Fisheries managers and lovers of the Great Lakes have for years been concerned with the possibility of Asian carp finding a way in. They have even set up a number of electric barriers on the Chicago Area Waterway System to keep the fish out.
But a question still remains — Can Asian carp inadvertently make it through the barriers by “hitching a ride” inside the nooks of passing barges?
The notion is a troubling one for sure, as there seems to be little that can be done to stop Asian carp if such a weak point exists in the prevention system. And for some time, the notion has only been just an idea. There wasn’t much proof either way.
But now, thanks to a report from the U.S. Fish and Wildlife Service, we have a better idea of the Asian carp invasion risk that is posed by barge traffic. It is based on an investigation completed by scientists with the agency’s Carterville Fish and Wildlife Conservation Office.
The researchers have been undertaking large-scale, field-based evaluations of fish-barge interactions at the Electric Dispersal Barrier system in the Chicago Sanitary and Ship Canal since 2012. They have been acting following preliminary studies that suggested that upstream passage of the barrier system by barge traffic could potentially provide an opportunity for the simultaneous passage of fish.
During 2015, the scientists conducted an advanced set of experimental trials that utilized freely swimming fish. These fish, hatchery-reared golden shiners, were marked and then released at various locations near a moving barge tow.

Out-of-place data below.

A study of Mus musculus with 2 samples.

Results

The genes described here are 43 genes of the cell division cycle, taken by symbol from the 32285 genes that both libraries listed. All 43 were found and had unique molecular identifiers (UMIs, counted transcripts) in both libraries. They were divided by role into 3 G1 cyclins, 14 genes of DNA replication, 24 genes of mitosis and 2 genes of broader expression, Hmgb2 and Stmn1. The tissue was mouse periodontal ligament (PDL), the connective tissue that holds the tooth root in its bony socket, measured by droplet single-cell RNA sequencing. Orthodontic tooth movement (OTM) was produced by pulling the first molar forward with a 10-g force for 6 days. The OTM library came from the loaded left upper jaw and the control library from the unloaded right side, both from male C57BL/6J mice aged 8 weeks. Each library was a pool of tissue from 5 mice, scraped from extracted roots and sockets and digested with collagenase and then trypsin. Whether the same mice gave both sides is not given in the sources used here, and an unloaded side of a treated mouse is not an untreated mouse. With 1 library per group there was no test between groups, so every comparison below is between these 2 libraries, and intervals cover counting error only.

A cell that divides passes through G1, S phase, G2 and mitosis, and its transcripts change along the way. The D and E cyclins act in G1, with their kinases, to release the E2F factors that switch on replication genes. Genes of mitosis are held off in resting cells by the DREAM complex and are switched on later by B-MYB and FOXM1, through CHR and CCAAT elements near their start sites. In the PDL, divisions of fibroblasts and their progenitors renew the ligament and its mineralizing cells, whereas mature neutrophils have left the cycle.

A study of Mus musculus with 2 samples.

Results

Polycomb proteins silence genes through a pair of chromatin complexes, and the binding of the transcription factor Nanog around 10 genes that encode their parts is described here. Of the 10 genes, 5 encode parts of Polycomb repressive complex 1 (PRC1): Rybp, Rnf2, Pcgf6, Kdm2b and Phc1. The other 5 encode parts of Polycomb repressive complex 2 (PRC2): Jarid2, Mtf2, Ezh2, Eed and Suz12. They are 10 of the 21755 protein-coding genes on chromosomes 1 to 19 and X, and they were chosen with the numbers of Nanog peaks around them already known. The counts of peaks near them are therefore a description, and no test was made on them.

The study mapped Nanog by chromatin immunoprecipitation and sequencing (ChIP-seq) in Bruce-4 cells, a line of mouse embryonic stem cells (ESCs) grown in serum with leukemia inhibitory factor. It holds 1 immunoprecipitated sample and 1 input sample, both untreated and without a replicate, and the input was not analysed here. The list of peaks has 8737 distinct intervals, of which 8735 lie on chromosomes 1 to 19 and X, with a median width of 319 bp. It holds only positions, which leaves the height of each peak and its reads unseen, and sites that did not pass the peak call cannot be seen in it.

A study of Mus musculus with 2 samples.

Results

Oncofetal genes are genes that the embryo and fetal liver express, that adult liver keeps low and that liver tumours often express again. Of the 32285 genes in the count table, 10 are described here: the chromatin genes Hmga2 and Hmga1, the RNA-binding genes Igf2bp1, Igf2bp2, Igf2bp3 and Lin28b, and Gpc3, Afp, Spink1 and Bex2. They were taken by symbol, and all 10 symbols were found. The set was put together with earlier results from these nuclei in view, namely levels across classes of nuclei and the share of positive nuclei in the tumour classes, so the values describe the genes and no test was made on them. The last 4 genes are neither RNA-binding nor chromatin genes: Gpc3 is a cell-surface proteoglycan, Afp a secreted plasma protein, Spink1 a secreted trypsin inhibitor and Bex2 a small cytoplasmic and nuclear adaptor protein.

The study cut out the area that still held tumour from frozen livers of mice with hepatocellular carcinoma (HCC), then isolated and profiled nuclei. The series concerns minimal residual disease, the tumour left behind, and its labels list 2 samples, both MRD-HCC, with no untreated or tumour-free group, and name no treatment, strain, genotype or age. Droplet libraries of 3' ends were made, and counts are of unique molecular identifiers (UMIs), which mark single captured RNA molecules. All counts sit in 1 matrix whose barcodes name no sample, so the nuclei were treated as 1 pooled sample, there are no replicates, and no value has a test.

The behavior of the freely swimming fish was monitored with a high-resolution underwater acoustic camera as the barge tow traversed the Electric Dispersal Barrier system, navigated through various portions of the Illinois Waterway below the barrier system and underwent upstream lockage operations at Brandon Road and Lockport locks. Attempts were then made to recapture the marked fish at the conclusion of the trials.
Results suggested that small, freely swimming fish that encounter a barge tow moving upstream can become inadvertently entrained by the barge tow in a gap between the rake and box junction on the craft. Once entrained, a substantial portion of fish (32 percent) were transported across the entire electric barrier system and subsequently recaptured unharmed above the barrier system.
Additional trials also demonstrated that the fish could remain within the barge rake-to-box junction gap during upstream lockage operations and continue to move upstream with the barge tow following lockage.
Some trials examined upstream transport of fish over long distances while navigating real-world obstacles within the Illinois Waterway. The obstacles included other traffic, lockage operations and the electric barriers. In one test that incorporated all of those obstacles, fish were transported upstream more than 9 miles.
Featured Image: The Great Lakes as seen from space, Aug. 28, 2010. (Credit: NASA)
Do you think there’s a great Asian carp invasion risk due to barge traffic? How can we minimize the threat? Please consider leaving a comment to share your thoughts!